How uniformly is space junk distributed in this volume?

I don't know.  It was a back-of-the-napkin sort of calculation I did (although I did mention where I got those numbers from, including the one I just made up at random) and to be completely honest part of me was just excited to do such a calculation again, after such a long time.

I haven't gotten the chance to really "chew on" the PDF you linked to as thoroughly as I'd like to.  I was surprised to hear that there have already been a few orbital collisions (which really shouldn't happen if my math was correct).

 

I'm not surprised that NASA thinks this is a big problem that needs immediate action; they've been trying to justify their continued existence in whatever ways they can ever since we landed on the moon.  Still, I haven't gotten a chance to look into it more deeply yet, and although they are struggling to find reasons why we should keep funding them I'd be very loathe to call anyone at NASA a liar.  You don't get into that organization without fully mastering several intellectual virtues simultaneously.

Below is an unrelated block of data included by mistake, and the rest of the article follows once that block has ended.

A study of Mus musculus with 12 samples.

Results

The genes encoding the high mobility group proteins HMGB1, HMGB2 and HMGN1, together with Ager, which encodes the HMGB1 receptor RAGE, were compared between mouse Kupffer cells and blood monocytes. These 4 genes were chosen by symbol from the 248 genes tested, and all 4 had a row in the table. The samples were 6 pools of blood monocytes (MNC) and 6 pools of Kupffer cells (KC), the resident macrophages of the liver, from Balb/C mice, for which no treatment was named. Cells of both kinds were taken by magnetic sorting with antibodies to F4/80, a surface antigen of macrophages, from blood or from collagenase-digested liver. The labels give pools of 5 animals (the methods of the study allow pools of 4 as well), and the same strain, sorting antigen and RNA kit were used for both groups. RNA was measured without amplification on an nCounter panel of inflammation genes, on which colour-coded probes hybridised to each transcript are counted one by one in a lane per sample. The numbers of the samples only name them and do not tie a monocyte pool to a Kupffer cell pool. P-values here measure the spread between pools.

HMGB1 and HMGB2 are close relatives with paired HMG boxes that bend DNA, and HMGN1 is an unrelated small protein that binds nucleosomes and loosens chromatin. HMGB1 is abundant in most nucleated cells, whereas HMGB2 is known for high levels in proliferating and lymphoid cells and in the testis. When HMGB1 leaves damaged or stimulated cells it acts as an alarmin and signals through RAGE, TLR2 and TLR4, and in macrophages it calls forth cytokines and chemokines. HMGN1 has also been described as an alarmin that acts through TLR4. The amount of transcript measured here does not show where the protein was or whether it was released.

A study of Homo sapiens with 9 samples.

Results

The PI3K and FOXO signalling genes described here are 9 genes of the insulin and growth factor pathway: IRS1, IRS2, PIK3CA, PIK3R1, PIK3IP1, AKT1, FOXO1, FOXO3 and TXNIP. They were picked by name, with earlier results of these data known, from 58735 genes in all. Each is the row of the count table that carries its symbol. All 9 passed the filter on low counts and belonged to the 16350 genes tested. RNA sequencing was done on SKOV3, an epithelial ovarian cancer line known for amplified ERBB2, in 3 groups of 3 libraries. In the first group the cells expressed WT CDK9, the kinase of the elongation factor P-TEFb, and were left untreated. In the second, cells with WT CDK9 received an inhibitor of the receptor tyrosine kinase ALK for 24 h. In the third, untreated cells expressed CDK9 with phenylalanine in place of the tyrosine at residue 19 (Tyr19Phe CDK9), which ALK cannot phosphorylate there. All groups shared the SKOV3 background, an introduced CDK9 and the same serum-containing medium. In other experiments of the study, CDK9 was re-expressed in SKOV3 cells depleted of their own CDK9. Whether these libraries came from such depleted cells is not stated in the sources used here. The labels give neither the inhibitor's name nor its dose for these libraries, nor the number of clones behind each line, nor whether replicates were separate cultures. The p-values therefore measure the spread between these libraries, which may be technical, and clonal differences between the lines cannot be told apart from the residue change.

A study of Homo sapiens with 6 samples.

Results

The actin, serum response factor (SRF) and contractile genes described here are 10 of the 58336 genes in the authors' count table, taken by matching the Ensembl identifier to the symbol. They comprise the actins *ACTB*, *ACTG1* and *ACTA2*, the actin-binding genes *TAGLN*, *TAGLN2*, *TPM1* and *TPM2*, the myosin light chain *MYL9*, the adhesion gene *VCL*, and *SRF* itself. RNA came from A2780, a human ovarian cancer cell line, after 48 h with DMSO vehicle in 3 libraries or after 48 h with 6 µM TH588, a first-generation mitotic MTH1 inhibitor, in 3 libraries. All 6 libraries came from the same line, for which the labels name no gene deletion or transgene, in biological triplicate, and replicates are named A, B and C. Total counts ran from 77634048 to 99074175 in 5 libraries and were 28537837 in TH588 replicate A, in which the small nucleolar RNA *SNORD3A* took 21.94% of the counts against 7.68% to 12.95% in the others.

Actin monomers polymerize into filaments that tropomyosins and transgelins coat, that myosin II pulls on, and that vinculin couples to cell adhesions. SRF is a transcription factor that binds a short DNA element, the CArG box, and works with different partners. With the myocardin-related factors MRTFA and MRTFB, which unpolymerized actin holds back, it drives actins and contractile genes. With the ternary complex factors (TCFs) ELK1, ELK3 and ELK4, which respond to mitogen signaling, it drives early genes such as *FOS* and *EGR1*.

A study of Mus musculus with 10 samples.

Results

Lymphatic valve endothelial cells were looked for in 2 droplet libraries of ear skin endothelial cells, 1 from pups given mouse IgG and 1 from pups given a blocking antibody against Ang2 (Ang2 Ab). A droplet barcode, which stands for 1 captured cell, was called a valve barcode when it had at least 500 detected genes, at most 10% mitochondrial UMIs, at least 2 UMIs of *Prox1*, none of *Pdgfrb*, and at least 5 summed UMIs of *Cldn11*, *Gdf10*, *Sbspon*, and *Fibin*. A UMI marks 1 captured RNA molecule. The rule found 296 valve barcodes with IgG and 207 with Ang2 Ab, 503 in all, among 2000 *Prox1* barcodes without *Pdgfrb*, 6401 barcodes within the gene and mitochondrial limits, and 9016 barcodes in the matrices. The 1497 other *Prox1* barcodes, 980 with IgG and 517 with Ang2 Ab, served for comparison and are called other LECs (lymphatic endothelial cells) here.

So I'll be very interested in seeing how it shakes out from there.

 

Thank you!

Edited by Harrison Danneskjold

 

Does humanity need space tugs? How difficult is it to design a device that can remove space debris from orbit? What calculations might you need? Are there any prototypes that are already working?

Judging by the fact that there's no effective technology that proved its effectiveness in practice, it's rather difficult to design such a device. All governments and agencies understand the importance of this problem, so I think they'd implement a device to clean up LEO a long ago. I know that the main function of a space tug is to carry payloads to different orbits, and I haven't heard that it can be used for removing space debris. If it really works, why not use it?


Excellent.

 

I personally think the next best step in the development of space industry would be asteroid mining.  There are quite a few technical hurdles that'd have to be worked out, but whoever successfully does so will stand to make exactly the mind-boggling quantities of profit that would be necessary for any kind of terraforming project.

 I think we can only dream about asteroid mining, and at most, describe it in sci-fi books and movies. Do you imagine how much money this technology needs? Moreover, we don't have the technology to get so close to asteroids and collect materials from them. It may sound good, but we need to investigate closer planets at first.